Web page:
In the end, it boils down to this: How many elbow patches is too many?

Can I wear an elbow-patched sweater underneath a jacket with elbow patches? Do short-sleeve shirts come with elbow patch extensions? Let’s get serious — can my actual elbows be grafted with patches? If so, could I be on the reality show, “I Gave Up My Skin For Suede,” or star in an episode of that long-running academic fashion series, “Say Yes To The Tweed?” As a new semester arrives — as I step in front of a new class — how do I look like I know what I’m doing?

It’s my second year as a lecturer in the English Department Writing Program. Before that, I was a graduate student instructor. Before that, a graduate student. Before that, an undergraduate. As an undergraduate, I looked forward to the first day of a new term. I wasn’t always pleased to be back at school, but I was thrilled to have at least one day where nothing seemed required of me. Sit, introduce myself, play some terrible name-game, look over the syllabus. Consider my schedule — is a five-day weekend possible? Be physically present in the room and deal with everything else later. First days are easy.

It is not, let me say, the same for teachers.

The first day of class is huge. Let’s put aside for the moment the work that’s gone into the syllabus — planning four months of classes is like squeezing all your worldly possessions into a carry-on bag and then jamming it wheels-first into an overhead bin. When I enter and amble to the front of the classroom, I must introduce myself. The voice inside my head says, be brief and be clear. Explain your qualifications, your background. Don’t brag, but be confident. Don’t oversell yourself, don’t undersell the material. Be delightful and welcoming and witty and accessible. Do not rant about reality television. Do not be an insane person. Be perfect. No pressure.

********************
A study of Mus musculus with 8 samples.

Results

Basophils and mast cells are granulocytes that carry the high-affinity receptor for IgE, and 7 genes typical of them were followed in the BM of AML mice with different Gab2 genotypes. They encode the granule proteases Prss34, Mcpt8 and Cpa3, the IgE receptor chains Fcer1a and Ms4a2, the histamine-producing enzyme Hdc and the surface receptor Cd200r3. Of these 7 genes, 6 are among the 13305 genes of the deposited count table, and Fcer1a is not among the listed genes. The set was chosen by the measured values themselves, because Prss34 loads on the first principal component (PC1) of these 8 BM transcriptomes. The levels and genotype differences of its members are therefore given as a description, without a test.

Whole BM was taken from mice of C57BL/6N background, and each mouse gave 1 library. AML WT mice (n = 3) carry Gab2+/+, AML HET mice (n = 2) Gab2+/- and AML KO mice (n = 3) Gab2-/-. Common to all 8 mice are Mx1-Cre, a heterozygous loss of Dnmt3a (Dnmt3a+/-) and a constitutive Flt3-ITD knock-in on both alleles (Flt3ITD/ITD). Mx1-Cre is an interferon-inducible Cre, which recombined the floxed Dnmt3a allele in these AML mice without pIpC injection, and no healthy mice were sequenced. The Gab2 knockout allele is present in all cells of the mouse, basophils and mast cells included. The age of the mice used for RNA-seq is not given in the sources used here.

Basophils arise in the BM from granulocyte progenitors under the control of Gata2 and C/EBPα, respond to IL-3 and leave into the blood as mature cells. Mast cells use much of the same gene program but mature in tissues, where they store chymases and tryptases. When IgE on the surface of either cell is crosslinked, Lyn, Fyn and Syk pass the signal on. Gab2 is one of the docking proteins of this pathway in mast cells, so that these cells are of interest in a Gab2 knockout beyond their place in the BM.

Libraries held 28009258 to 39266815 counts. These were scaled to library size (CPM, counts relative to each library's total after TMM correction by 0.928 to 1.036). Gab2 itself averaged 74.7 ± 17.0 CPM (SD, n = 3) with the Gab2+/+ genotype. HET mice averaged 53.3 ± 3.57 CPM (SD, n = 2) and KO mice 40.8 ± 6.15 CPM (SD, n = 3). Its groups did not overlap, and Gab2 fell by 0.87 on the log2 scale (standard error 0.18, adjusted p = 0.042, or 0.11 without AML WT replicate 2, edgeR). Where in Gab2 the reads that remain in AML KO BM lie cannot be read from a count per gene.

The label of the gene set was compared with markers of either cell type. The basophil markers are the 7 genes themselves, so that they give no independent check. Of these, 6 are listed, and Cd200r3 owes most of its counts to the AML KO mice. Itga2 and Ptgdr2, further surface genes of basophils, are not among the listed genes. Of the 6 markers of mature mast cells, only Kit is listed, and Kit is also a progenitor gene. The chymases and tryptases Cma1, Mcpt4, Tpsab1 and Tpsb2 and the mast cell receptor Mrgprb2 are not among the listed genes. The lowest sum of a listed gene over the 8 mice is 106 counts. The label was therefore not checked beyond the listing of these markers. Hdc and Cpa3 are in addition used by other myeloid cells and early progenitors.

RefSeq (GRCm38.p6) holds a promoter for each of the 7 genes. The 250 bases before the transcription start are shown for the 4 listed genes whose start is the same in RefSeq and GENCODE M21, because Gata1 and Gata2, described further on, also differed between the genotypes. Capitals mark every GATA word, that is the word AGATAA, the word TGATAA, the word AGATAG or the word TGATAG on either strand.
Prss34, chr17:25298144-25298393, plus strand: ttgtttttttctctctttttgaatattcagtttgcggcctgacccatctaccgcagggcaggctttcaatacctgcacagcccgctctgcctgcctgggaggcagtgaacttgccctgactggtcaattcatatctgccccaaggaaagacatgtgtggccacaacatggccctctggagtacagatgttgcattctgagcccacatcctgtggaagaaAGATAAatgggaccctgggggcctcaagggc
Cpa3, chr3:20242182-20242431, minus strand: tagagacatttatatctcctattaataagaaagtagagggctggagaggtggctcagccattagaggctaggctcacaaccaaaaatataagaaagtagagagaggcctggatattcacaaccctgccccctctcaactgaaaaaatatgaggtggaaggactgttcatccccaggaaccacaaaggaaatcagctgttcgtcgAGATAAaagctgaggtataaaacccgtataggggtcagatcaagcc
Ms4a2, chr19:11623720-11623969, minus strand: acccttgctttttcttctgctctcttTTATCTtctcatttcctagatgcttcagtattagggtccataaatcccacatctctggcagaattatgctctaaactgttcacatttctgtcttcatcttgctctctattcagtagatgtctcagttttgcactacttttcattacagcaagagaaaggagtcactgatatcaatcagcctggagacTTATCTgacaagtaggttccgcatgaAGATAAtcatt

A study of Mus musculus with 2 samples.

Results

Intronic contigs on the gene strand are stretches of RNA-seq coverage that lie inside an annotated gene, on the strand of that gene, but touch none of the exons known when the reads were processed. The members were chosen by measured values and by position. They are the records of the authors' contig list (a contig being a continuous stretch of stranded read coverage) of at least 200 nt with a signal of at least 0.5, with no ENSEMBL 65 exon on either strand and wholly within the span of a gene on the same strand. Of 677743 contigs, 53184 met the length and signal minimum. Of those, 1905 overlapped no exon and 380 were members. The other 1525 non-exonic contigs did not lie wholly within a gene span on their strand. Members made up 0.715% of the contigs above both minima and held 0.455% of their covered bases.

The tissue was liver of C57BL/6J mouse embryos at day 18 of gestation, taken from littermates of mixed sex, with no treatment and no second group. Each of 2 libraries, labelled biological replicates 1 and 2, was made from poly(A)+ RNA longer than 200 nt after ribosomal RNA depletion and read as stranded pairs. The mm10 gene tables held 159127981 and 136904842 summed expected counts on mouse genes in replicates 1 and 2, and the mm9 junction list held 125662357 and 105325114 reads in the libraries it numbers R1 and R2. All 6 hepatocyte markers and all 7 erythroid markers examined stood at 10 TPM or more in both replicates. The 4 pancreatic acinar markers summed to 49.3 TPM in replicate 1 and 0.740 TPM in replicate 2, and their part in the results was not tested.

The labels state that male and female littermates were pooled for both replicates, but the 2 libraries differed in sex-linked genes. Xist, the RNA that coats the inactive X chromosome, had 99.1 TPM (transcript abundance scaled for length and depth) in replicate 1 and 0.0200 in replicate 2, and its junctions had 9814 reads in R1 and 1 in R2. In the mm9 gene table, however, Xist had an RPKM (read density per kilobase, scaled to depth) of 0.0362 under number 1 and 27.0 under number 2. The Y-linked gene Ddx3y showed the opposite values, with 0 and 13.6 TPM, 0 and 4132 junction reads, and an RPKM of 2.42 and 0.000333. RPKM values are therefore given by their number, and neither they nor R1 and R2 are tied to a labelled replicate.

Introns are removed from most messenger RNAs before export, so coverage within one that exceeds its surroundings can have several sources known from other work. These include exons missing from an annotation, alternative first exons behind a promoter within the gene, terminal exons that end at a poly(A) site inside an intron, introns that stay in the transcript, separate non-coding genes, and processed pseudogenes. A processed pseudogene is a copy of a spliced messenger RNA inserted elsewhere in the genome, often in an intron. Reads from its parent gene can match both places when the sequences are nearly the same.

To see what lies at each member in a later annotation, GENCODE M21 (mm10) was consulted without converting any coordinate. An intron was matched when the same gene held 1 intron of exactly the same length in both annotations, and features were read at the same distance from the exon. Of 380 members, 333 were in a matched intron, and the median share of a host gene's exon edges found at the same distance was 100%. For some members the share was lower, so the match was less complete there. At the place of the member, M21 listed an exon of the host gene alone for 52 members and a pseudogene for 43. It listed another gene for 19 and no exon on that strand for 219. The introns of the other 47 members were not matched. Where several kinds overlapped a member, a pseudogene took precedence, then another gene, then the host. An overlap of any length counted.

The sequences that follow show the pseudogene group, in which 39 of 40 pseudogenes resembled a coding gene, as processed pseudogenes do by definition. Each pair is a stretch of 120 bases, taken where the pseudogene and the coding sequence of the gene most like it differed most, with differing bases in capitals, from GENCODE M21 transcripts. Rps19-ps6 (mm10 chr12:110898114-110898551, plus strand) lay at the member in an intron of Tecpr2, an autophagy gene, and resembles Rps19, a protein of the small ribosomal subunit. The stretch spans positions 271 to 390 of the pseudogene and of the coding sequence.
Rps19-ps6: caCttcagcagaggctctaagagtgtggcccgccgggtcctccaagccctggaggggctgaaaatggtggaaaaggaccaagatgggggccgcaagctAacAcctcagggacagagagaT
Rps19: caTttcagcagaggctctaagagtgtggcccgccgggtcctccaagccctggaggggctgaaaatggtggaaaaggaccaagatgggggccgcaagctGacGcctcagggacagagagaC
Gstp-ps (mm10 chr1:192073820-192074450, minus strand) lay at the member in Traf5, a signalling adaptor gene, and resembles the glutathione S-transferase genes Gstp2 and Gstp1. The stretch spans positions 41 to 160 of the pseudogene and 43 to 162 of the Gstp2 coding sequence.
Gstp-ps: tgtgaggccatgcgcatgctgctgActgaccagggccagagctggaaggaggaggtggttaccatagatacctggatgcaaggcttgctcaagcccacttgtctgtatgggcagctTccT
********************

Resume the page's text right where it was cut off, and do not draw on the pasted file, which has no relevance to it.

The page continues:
Now ask members of the class to introduce themselves. What questions beyond the obvious (name, major, year in school, hometown) allow a thoughtful and interesting human being to appear thoughtful and interesting? How can I ask a group of strangers to share a part of themselves so soon — do I say it’s a leap of faith? I usually go simple, asking for favorite books and movies. Harry Potter and anything Channing Tatum prove big winners. (What house, then, would suit Channing? My money’s on Hufflepuff.) Or I use the standard, I-give-you-a-ticket-right-now-where-would-you-like-to-go vacation query, where Europe and warm islands always do well, with Florida an honorable mention. (And what is the Michigander obsession with Florida?)

After that, the easy part’s over. How do I begin to build a place where everyone feels comfortable to share their ideas, take intellectual and creative risks and trust their peers to do the same? At this point, I’m just praying I don’t trip over myself, spill coffee everywhere and collapse in a weeping mass of damp tweed.

Judging by the amount of advice out there, I’m not the only teacher mindful of first day dynamics. Guidance from our own excellent Center for Research on Learning and Teaching includes the basics: “Learn students’ names and use them … Be expressive and enthusiastic … Be open to helping students with problems … ” The Center for Teaching at Vanderbilt University notes that first days can be calendar commodities: “ … several of your students may be ‘shopping’ for a schedule the first week of classes.” Carnegie Mellon University’s first day survival guide speaks directly to me: “More formal attire communicates expertise and confidence, less formal attire communicates approachability.” So then, a suit jacket with jean shorts? Too creepy? An expressive tuxedo with enthusiastic pajama pants? Woody Allen glasses and at least six intellectual scarves?

I know there’s no formula for the perfect first class. A good class finds itself, settles in, grows together. I know first impressions aren’t everything but they are something. We who survive Michigan winters know better than most that ice can be broken in a day, but it only melts over months.

Suffice to say that I — and I suspect many other teachers — care deeply and sweat freely when preparing for this first day, a day that at its worst seems like equal parts audition and open house. But the day I’m not nervous, not excited, not willing to try again is the day I quit teaching. The stakes are too high and the rewards too great to do otherwise. First days matter.

Sorry, yes. A question in the back?

Well, that’s kind of you to say. I do have splendid elbows.

Joseph Horton can be reached at jbhorton@umich.edu.